Gangster John Dillinger, subject of the new Johnny Depp movie "Public Enemies," needed a machine gun to get his hands on other peoples' money. Not so Michael Mann, the film's director. All he and other filmmakers need to pull off a heist is to flash a little Tinseltown glitz and say the magic word -- "jobs" -- and star-struck state legislators will roll out the red carpet and open other peoples' wallets for them.
Many states now pay film industry subsidies, which strikes me as the most egregious form of corporate welfare there is (as I've blogged about before). And those states that don't are feeling intense pressure to jump on the bandwagon. Even flat-busted-broke California is getting into the act, launching a new program that will give $500 million in tax breaks to movie-makers over the next 5 years.
But it's debatable whether these efforts pay any long-term economic dividends, since most of the jobs generated are short-term in nature. Being a movie extra, or catering on-the-set lunches, may put a few extra dollars in the pockets of locals. Having a movie star parachute into "fly-over country" injects a little excitement into the hinterland humdrum. But this isn't anything to build an economy on. And I'm skeptical about the jobs-generating potential of film-set tourism, since I've yet to plan a vacation based on the backdrop of some film I saw.
It's too early to tell whether Public Enemies will kill at the box office. But Mann already pulled off a respectable robbery of sorts, thanks to Wisconsin taxpayers who helped subsidize the film.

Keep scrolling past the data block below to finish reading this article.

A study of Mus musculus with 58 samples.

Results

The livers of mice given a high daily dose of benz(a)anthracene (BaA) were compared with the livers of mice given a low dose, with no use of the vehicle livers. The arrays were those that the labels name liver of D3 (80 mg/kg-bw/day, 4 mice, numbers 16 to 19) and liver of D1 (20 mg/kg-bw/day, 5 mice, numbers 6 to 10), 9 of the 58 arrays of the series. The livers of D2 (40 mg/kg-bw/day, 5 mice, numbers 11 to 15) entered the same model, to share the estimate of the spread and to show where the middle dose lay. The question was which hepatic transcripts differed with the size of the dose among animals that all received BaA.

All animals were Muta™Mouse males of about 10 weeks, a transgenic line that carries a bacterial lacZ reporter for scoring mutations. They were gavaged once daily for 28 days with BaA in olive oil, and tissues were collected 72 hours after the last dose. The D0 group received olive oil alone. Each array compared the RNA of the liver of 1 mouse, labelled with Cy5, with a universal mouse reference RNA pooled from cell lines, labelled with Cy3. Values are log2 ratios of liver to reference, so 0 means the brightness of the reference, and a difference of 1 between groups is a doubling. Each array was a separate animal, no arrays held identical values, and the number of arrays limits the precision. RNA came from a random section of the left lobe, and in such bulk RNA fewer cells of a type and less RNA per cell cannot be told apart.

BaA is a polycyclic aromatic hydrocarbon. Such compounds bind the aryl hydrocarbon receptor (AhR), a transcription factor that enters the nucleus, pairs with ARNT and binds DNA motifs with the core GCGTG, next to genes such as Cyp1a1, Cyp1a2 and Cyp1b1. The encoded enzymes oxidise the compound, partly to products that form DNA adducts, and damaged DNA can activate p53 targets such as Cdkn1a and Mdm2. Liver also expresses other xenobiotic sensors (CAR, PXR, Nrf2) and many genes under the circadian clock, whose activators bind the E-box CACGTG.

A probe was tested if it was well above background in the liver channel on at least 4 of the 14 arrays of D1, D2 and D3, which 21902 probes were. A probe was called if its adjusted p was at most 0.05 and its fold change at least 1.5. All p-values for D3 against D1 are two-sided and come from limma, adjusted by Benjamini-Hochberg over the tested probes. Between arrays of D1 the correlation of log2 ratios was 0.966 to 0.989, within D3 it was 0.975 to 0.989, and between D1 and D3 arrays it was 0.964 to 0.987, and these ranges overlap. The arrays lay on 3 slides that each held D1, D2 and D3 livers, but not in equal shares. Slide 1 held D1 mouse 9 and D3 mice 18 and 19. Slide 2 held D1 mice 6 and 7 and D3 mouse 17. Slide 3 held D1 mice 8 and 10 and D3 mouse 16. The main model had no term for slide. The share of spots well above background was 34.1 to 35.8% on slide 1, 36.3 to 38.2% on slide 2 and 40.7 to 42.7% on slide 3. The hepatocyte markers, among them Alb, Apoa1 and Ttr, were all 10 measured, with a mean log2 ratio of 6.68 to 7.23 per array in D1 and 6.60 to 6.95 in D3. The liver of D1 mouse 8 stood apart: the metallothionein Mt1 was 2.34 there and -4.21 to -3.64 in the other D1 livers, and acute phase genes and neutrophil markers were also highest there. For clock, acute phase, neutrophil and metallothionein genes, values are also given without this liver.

After questions were raised about whether the state can afford to be so generous, and whether the program generates a return on investment, Wisconsin Gov. Jim Doyle wisely took a stand against the practice, vetoing a legislatively-approved cap on the giveaways. That's led to some whining among those who imagine that Wisconsin will reinvent itself as movie star Mecca. But it was the fiscally-correct thing to do.
Mann recently called cutting the subsidies "short-sighted," pointing out that he filmed more days than he intended to in the state thanks to the $4.6 million in tax credits he received. He would have filmed there even without the payouts, he conceded, but they prolonged his stay. And this can't all be reduced to some crass cost-benefit analysis, protested Mann. "The point is not just the dollars and cents we spend," he said. "It's what happens when the state is displayed that way to the world."
But wait. This is a gangster movie, set in the 1930s, in which the arch-outlaw blasts his way through bank jobs (and gets blasted in return by the FBI, eventually). Is that really any way to "display" the state of Wisconsin to the rest of the world? I'm sure kids all across America are just begging their parents to take them to Wisconsin next year, over Spring break, so they can see the actual spot where Johnny Depp, playing John Dillinger, blew someone away.
When Dillinger took other people's money, at least he did it honestly, at gun point. The massive tax heists being pulled off by filmmakers are almost more dishonest, and outrageous, because they act like they're doing us a favor even while they're picking our pockets.